Brown County Sheriff taking creative approach to compensate for jail staff shortage
GREEN BAY, Wis. (WBAY) - A years-long wait to open a new addition to the Brown County Jail is turning out to happen at just the right time.
While it isn’t due to a sudden increase in inmates, it is due to a big challenge with staffing. So far this year, nearly a third of the Brown County Jail staff has left, with many to get out of corrections altogether.
Brown County Sheriff Todd Delain and his hiring staff are exhausted at hearing the word “resignation.” Last December, the jail was fully staffed, but since the start of 2021, the Sheriff has received 46 retirements or resignations. That’s more than double a normal year.
“This is something we’ve never seen before,” said Sheriff Delain. “We’re very focused on hiring. Our staff is continuously looking at hiring people.”
While many are leaving the Corrections Field entirely, or are transferring to other police jobs, the completion of the new jail earlier this year has also created seven new positions. So far, the jail has hired 25 Correctional Officers, but the remaining 21 vacancies have created a challenge.
Unlike other non-public safety jobs, the jail can’t just leave positions vacant while trying to recruit. Sheriff Delain doesn’t want more overtime stress on current employees - or reduced morale - so he’s looking for creative alternatives.
“What we’re starting to see across the State of Wisconsin are jails that are shipping inmates to other jails and shutting down housing units to better utilize their staff and it’s very likely we’ll do that here in Brown County as we move forward,” said Delain.
Action 2 News has reported for years on the need to expand Brown County’s Jail so there was not a need to ship inmates to other jails, yet the option is again on the table.
This is all about staffing. He says that he, as well as other Sheriffs, want to keep capacity around 85% to optimize staffing levels. Regardless of whether a pod is full or has only a few inmates, it has to be staffed about the same, so he says it makes sense to move inmates where staff members are.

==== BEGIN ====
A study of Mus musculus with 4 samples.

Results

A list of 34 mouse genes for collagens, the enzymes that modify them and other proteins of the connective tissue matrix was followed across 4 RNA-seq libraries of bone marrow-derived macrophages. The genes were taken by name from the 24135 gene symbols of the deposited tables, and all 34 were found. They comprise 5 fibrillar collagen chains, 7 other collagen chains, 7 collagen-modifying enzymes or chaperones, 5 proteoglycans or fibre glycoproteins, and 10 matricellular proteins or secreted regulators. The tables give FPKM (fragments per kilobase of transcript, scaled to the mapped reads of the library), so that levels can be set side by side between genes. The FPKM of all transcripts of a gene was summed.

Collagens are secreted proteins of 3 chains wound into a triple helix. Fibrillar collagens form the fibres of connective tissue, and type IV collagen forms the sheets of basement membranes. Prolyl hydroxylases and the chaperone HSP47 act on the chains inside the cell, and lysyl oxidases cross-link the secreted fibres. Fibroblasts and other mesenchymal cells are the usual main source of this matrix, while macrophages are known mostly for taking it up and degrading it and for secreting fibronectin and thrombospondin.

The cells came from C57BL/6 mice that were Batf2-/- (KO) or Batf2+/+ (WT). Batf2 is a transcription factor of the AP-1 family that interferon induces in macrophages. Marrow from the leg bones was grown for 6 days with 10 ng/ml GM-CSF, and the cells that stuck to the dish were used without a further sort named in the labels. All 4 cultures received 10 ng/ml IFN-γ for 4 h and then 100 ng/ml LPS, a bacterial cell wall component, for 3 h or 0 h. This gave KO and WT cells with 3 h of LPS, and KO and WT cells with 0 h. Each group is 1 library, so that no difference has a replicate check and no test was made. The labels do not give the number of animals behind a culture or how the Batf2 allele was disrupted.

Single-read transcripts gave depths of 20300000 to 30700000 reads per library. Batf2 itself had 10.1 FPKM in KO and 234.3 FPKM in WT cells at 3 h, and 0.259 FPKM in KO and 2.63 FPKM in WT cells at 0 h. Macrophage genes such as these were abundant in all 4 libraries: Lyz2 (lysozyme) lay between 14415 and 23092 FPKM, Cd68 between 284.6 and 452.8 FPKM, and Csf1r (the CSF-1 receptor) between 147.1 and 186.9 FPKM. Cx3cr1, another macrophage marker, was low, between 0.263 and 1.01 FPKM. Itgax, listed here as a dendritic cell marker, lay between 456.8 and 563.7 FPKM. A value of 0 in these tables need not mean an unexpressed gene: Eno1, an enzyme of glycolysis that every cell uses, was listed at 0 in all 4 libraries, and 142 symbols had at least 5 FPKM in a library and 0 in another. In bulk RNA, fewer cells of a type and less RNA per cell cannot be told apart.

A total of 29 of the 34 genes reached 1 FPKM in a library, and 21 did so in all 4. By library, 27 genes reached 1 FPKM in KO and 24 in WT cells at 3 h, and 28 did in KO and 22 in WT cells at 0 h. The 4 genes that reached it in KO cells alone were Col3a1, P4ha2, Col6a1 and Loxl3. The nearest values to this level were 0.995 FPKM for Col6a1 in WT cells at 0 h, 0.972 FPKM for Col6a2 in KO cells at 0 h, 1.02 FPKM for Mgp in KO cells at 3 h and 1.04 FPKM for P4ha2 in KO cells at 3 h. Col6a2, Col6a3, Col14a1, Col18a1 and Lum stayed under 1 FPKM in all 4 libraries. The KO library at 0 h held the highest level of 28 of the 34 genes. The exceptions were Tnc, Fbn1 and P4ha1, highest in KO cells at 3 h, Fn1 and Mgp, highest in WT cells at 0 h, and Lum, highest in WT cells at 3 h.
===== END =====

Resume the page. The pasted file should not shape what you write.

“I have to balance this... okay burnout of staff, overtime costs, everything else, until we can get past this situation we’re in now,” said Delain.
Technology and design of the new addition helps too - it allows the Sheriff’s Office to move inmates out of the less efficient downtown facility to the new pod.
“The benefit to the new pod is it’s far more efficient. That’s the difference. We will be able to operate that new pod, 124 inmates, with tow correctional officers,” adds Delain.
With as much hiring as they’ve done this year, he says he’s also trying to take the stress off the field training officers who train new hires.
“I just authorized to increase the number of field training officers we have in hopes to ease the potential burnout with our field training officers,” said Delain.
He says hiring won’t slow down over the holidays, and current jobs are posted on the county’s website. (CLICK HERE for a current list of job openings.) In addition, the Sheriff’s Office will be actively recruiting at a job fair at the University of Wisconsin Green Bay next month. The fair is from 4-7 p.m. at Stem Center on January 11.
Starting January 1, correctional officers will receive a county-wide 2.3% wage increase, and the Sheriff hopes any little bit will help.
“It’s starting out at roughly $44,000 a year and going up, with raises at one year, two, three, four, five year, six year in addition to the cost of living,” said Delain.